It’s like Robin Hood —without actually giving to the poor.
Federal officials are calling it one of the largest pandemic fraud cases in the country —which is quite a feat considering the billions stolen from the Paycheck Protection Plan and billions more stolen in Unemployment Insurance. But here we are: 49 people have been arrested in connection with the Feeding Our Future fraud case, and the list could be growing.
According to a Fox affiliate, “authorities alleged the massive fraud scheme took at least $250 million from the federal child nutrition program — money that was intended to help feed children during the COVID-19 pandemic.”
One of the more prominent names on the list of fraudsters, Mohamed Noor, is a community journalist and owner of a media company in Minneapolis. Noor was charged earlier this week for stealing federal money meant to help fee low-income families —nice guy, Mr Noor.
Moor is the owner of Xogmaal Media Group, one of the companies that fraudulently received and misappropriated Federal Child Nutrition Program funds.
Mohamed, who’s widely known as Deeq Darajo, was trying to flee the country to avoid prosecution —luckily, he was apprehended.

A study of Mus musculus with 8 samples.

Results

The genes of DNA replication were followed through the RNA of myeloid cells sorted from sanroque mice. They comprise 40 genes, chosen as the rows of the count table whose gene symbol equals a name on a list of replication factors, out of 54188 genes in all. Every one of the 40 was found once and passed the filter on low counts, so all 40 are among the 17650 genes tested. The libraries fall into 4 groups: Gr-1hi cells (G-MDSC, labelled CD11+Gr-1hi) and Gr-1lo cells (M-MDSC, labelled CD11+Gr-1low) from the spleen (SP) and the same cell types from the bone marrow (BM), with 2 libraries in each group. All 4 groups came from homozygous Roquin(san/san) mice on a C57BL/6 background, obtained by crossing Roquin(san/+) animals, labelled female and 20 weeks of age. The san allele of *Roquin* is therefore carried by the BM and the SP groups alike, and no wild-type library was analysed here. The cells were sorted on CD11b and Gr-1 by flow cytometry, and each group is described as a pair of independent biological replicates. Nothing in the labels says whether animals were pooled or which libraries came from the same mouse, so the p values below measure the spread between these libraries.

From The Sahan Journal:
Xogmaal used Feeding Our Future as a sponsor to receive federal funding for meals through the federal Child and Adult Care Food Program.
Federal prosecutors say Deeq Darajo is the cousin of Abdikerm Eidleh, a former Feeding Our Future employee who federal prosecutors allege took more than $3 million in kickbacks from food sites to enroll them in the Child Nutrition Programs.
The charges say a Feeding Our Future employee expressed concern about enrolling Xogmaal in the Child Nutrition Programs in February 2021.
“We took a lot of organization [sic] that don’t work with children or are advocate, [sic] I am just realizing that now,” an unnamed employee wrote to Feeding Our Future Executive Director Aimee Bock in an email, according to the charges. “For example Xogmaal is a TV show program. They have no interest with children. These are the things we need to clean up.”
“Bock still submitted Xogmaal’s application to the Minnesota Department of Education, which administers the Child Nutrition Programs for the state, according to the charges. Soon Xogmaal claimed to be feeding 1,000 children a day, seven days a week. By April 2021, Xogmaal claimed to feed 1,500 kids a day, seven days a week, according to the charges.”
But Xogmaal wasn’t feeding any children. Instead, Xogmaal received close to $500,000 in food-aid money —$387,000 of this was sent to shell companies controlled by Abdikerm.
Stealing funds from starving children —as low as it gets.